Open spaces and classes under palm trees. How could our schools look like?

Encouraging creativity and cooperation, focus on solving practical tasks and teaching children how to think by themselves - these ideas are frequently referred to in discussions about a perfect school. Let’s take a closer look at several educational institutions that stand out from the crowd and try to put these principles into practice.

Could the solutions presented below be implemented in the Polish reality? Besides purely financial and political issues, would they be compatible with the organisation of our schooling system, our tradition and culture, as well as the expectations of children, parents and teachers?


In a giant cubicle nearly four hundred students learn, cooperate and create. The school is one big open space. “Such organisation of space encourages young people to assume an active role in their own education, promotes flexibility in thinking, and prepares students for activity in various fields”, explains Allan Kjær Andersen, Ørestad headmaster. The children themselves gather into groups and create makeshift classrooms.

The school’s core principle is that it’s not sufficient to provide children with knowledge – what really matters is how this knowledge can be put into practice.

2. Brightworks School, San Francisco, USA

In Brightworks everybody is required to get dirty, play with fire or do other things which are forbidden or at least frowned upon by most parents.

What’s worth noting is that these “horrible” activities are included in the general framework of education. What the children learn depends on their own preferences and talents, and the teachers’ role is to put these activities in order and, obviously, subtly supervise them, to make sure that, for instance, a lit burner doesn’t cause an accident. The creative environment is also provided by the school building, which was converted from warehouses of a former mayonnaise factory.

Brightworks puts a lot of emphasis on art education – the students constantly paint, sculpt, and engage in drama. The central purpose is to raise children in such a way that they not only  act as consumers, but are also willing to make their own contribution, take active part in changes on both global and local level.  

3. THINK Global School, New York, USA and the rest of the world

Each semester in a different part of the world? Sounds like a dream! Yet, it’s possible to come true. This is how THINK Global works. Where can you best learn about different cultures, wonders of nature and works of great people from bygone ages? The answer is: in the places of their origin.

“When the students sailed around the islands of the Ionian Sea they could gain better insight into the Greek philosophy, culture, art and literature”, stresses Lee Carlton from THINK Global. Additionally, in each place they visit, the students engage in charity work and projects helping local communities, which shapes their characters and makes them true citizens of the world.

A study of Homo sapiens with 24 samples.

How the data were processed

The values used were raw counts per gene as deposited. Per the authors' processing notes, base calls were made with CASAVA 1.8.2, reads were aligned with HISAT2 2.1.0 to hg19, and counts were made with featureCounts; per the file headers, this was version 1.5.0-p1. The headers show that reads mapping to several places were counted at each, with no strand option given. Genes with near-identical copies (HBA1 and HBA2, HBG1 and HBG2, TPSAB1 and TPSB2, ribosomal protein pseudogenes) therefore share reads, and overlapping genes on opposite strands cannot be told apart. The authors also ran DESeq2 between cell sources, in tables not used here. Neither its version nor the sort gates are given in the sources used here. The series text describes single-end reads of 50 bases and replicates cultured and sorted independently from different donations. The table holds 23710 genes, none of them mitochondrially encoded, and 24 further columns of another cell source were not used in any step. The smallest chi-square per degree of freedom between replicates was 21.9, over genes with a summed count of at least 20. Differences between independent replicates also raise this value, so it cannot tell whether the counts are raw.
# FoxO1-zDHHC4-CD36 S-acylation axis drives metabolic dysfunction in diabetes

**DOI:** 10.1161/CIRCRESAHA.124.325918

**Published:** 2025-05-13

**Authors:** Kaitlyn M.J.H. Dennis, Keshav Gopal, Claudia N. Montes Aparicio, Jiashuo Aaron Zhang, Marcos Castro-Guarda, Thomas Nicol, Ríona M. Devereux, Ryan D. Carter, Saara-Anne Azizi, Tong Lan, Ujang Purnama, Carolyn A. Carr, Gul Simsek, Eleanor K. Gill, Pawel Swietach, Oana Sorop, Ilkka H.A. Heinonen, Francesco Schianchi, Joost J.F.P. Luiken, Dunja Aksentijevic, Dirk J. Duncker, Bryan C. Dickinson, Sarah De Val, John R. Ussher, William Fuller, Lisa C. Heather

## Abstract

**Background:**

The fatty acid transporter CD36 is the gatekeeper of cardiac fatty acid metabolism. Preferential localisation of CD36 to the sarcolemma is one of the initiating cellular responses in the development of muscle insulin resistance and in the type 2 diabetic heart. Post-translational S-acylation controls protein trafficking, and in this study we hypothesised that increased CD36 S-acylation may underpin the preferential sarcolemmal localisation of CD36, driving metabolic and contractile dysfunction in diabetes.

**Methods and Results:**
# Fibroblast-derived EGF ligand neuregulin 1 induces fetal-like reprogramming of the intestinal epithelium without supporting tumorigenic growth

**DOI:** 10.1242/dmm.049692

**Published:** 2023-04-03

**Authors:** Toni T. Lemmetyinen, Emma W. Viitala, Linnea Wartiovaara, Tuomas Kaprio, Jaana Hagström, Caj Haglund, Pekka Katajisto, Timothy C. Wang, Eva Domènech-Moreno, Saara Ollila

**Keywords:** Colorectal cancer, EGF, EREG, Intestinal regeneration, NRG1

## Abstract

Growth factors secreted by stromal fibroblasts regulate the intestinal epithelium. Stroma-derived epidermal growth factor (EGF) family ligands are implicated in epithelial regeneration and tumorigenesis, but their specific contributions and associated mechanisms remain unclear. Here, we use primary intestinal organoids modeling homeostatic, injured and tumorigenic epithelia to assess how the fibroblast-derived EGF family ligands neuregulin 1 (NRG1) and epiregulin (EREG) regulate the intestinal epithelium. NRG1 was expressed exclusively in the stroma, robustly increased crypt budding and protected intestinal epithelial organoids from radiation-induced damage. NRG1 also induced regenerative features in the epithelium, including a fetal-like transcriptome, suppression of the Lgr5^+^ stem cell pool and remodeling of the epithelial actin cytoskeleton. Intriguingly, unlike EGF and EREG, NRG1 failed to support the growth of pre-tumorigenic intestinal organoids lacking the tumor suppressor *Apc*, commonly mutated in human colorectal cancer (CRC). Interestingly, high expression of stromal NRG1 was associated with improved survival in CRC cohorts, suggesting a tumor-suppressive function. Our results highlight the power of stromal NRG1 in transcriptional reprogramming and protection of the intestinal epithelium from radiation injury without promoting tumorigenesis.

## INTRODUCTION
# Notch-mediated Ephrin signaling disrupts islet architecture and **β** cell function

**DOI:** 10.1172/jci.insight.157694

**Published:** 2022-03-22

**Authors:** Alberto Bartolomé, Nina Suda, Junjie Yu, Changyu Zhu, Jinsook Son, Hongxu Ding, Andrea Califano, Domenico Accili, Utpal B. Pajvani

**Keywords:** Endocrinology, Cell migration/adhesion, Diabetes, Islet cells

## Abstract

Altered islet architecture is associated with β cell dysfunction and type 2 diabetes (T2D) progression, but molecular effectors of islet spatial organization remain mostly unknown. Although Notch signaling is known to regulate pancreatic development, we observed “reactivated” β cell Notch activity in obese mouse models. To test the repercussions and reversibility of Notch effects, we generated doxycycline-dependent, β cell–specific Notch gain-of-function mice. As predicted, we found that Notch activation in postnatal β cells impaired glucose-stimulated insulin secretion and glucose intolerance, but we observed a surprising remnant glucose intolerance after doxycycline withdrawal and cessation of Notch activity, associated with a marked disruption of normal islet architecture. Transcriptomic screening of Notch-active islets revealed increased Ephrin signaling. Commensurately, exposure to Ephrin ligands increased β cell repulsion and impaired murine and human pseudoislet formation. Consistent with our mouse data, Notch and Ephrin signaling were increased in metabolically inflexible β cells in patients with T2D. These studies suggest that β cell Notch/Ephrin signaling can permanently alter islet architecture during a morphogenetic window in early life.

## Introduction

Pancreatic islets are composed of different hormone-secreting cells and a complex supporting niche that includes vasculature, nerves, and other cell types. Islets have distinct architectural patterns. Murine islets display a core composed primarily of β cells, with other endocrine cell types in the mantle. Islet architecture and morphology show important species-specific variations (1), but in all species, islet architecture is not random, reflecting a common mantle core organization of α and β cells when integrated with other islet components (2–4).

4. Clintondale High School, Clinton, USA

Education in reverse order. In this school the students do homework in classroom, whereas at home they watch pre-recorded presentations and lectures. Such an approach allows teachers and their pupils to focus on specific problems, unclear issues, and all complexities of a puzzling homework. First of all, it’s an opportunity to put theoretical knowledge into practice in a more effective way. It’s been reported that reversing the order of lessons and homework decreased the number of failed classes by one third, whereas the number of actions undertaken in response to students’ bad behaviour was reduced by two thirds. What makes these results especially important is the fact that a large proportion of its students come from impoverished areas.

5. Green School, Bali, Indonesia

The students of this institution, founded in 2008, spend their school days close to nature. If you’re looking for a high-tech school, this place is not for you. The exotic surroundings and walls made of bamboo trunks provide learning environment in which typical school subjects, such as maths are combined with lessons in cooking, sewing, as well as traditional mud wrestling. The Green School teachers come from various parts of the world, from where they bring their local traditions, teching methods and ideas. The only disadvantage is the high tuition fee, which, according to informED website, can even amount to 16 thousand dollars a year.

6. Amy Biehl High School, Albuquerque, USA

The school was named after a young anti-apartheid activist, who was murdered in South Africa. The values she fought for, such as social justice and helping the disadvantaged, have become the foundations of Amy Biehl High School. This is an interesting example of making the person after whom a school is named an important part of the institution’s educational programme – an approach that can also be found in the Polish education system.

The values embraced by the school are reflected in the projects it runs, such as the Social Actions Carnival, Facing History and Ourselves, Habits of Hearts and Minds – a project that stresses the role of cooperation and responsibility for one’s actions, and Indaba – an  all-school assembly and discussion taking place every two weeks, which has its origins in similar meetings held in African tribal communities.


Sources: Tech Insider, Mashable, informED, Facing history and ourselves

The photos come from the schools’ websites.